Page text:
Dixons Carphone CEO Alex Baldock credited “exciting advances” in data and customer relationship management (CRM) with playing a part in the successful turnaround of the previously loss-making retailer.
The electrical goods company almost tripled its number of active, contactable customers over the year ending 1 May, from 3.5 million to 9.6 million. That represents an increase of 174%. The business’ total active customer base now reaches 12.5 million, a growth of 33% since 2018.
“We now have many more customers – customers we know better and can talk to more, with our exciting advances in data and CRM, and our big leap forward in contact rights last year,” Baldock said on an investor webcast today (30 June).
“We can help more customers more often and that’s more valuable to all concerned.”
The business began to transition away from being a discount-heavy retailer to having a more customer-centred CRM strategy in late 2018, hiring head of CRM Saul Lopes from Virgin Holidays to lead the charge.
Speaking at the Festival of Marketing in 2019, Lopes said discounting was “ruining” the company’s margins and suggested that if that strategy had continued, Dixons Carphone would have been out of business within five years.
It’s a sign of our confidence in our prospects that we’re investing in our brand now, and we expect it to be a further driver of growth and profitability.
Alex Baldock, Dixons Carphone
Dixons Carphone’s total group revenue rose by 2% over the financial year to £10.3bn, as like for like growth was offset by the impact of high street store closures across its mobile business. Group statutory profit before tax hit £33m, compared to a loss of £140m in 2019/20.
Online electrical sales surged by 103% to £4.7bn, as the retailer pursues its ambition to become a “truly omnichannel business”. In the UK alone online sales jumped by 114% to £3.4bn and the company grew its online market share by six percentage points.
According to Baldock, the business has been able to drive rapid online growth by delivering better “retail basics”, including a 50% bigger range in the UK, and investing in keeping prices down.
The CEO promised more to come online this year, including further range expansions and new online platforms in the UK and Nordics, to give customers a “radically” easier experience and improve upselling and cross-selling opportunities.
Dixons Carphone’s online net promoter score (NPS) did drop from 55 to 25 between May and November 2020, with the retailer challenged by the sudden shift towards online shopping and increased demand for electrical products as the Covid-19 pandemic took effect.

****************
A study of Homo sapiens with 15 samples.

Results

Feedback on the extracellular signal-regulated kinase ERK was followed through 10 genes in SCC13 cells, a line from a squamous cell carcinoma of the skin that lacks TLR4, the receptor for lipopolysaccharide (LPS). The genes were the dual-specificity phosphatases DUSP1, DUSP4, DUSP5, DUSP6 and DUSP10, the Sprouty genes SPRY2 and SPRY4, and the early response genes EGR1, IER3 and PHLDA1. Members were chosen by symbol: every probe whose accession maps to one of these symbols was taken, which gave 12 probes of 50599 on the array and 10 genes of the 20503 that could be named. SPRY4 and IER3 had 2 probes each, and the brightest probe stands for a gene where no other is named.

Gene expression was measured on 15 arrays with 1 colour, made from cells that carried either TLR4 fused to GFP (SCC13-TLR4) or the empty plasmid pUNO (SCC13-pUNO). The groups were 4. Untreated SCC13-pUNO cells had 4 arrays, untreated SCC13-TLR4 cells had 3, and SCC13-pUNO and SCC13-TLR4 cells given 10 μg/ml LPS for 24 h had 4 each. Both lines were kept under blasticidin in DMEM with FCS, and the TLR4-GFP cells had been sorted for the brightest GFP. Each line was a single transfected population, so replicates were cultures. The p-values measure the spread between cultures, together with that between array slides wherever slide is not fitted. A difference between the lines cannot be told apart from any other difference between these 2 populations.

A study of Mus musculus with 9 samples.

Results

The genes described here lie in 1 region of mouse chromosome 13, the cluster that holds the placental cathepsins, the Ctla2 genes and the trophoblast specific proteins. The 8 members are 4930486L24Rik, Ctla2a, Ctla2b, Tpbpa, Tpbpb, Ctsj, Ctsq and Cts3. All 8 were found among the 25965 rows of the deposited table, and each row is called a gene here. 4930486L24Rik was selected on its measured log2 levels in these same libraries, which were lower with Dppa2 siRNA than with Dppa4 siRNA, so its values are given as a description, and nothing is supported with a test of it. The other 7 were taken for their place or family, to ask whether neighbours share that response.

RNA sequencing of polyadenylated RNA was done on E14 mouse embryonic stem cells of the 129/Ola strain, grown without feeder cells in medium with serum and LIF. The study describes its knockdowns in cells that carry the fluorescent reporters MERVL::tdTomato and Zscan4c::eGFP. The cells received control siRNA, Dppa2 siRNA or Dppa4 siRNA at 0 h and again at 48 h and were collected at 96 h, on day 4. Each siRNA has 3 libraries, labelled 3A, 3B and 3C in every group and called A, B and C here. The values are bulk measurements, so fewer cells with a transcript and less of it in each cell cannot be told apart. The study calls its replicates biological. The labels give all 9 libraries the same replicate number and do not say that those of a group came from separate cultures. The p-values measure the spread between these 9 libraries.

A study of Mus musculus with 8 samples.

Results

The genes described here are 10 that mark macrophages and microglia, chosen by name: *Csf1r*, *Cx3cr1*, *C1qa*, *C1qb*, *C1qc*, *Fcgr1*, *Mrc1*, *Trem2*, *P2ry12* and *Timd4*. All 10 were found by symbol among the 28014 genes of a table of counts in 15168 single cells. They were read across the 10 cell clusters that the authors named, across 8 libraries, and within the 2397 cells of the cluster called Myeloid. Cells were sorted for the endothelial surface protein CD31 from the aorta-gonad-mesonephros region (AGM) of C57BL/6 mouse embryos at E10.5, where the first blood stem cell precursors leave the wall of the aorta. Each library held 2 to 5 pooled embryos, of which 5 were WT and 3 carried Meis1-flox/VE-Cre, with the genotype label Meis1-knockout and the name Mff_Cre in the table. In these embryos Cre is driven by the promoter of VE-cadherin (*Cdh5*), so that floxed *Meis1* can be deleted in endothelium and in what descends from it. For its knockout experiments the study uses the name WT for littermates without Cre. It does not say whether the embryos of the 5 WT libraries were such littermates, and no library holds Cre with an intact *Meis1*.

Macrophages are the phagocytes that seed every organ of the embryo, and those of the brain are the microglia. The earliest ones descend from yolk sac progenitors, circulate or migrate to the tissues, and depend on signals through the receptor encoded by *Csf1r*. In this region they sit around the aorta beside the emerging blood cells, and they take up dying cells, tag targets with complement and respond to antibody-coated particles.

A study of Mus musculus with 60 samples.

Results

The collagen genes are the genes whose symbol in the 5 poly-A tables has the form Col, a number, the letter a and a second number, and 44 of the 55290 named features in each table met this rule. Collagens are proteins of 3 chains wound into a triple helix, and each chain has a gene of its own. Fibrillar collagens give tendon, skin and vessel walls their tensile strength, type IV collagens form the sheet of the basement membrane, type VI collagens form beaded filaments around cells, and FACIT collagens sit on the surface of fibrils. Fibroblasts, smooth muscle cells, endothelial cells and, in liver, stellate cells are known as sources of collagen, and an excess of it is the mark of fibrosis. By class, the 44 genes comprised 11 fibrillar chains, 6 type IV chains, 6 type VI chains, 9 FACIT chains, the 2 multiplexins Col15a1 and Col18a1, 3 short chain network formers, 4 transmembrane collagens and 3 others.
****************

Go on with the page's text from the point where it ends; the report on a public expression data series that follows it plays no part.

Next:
However, the NPS score has since recovered and is now flat on last year, while the retailer’s Trustpilot score has increased from 1.4 in 2020 to 3.4 in 2021.
Nevertheless, customers have made it clear that they still want to use both online and in-store channels, said Baldock. Dixons Carphone is therefore innovating to give customers “the best of both worlds”.
How Dixons Carphone overhauled its CRM programme
For example, the retailer is looking to trial same day delivery in the UK with taxi firm Uber. Dixons Carphone also hopes to enable customers to pick up online orders in-store within 15 minutes, down from its current promise of an hour. Order and collect made up 30% of its online sales in the UK last year, following a 113% year on year growth in its use.
Dixons Carphone is also scaling up its ShopLive service, which allows consumers to replicate face-to-face interactions with store staff online. Since launching in April 2020, ShopLive has driven a four times increase in conversion and grown average transaction value (ATV) by 55%. Baldock expects the service to be “very big” with customers in future.
Meanwhile, the business is also ramping up its in-store experience, particularly face-to-face advice from staff and tech demonstrations, and claims to have invested in 600,000 hours of training.
The company is also on the cusp of a major rebrand that will see Currys PC World and Dixons, mobile phone retailer Carphone Warehouse and service partner Team Knowhow, all brought under the Currys brand by the end of October. The one brand will make it easier for customers to see “everything we do for them” across product categories and services, Baldock explained.
“It’s also a sign of our confidence in our progress and our prospects that we’re investing in our brand now, and we expect it to be a further driver of growth and profitability,” he added.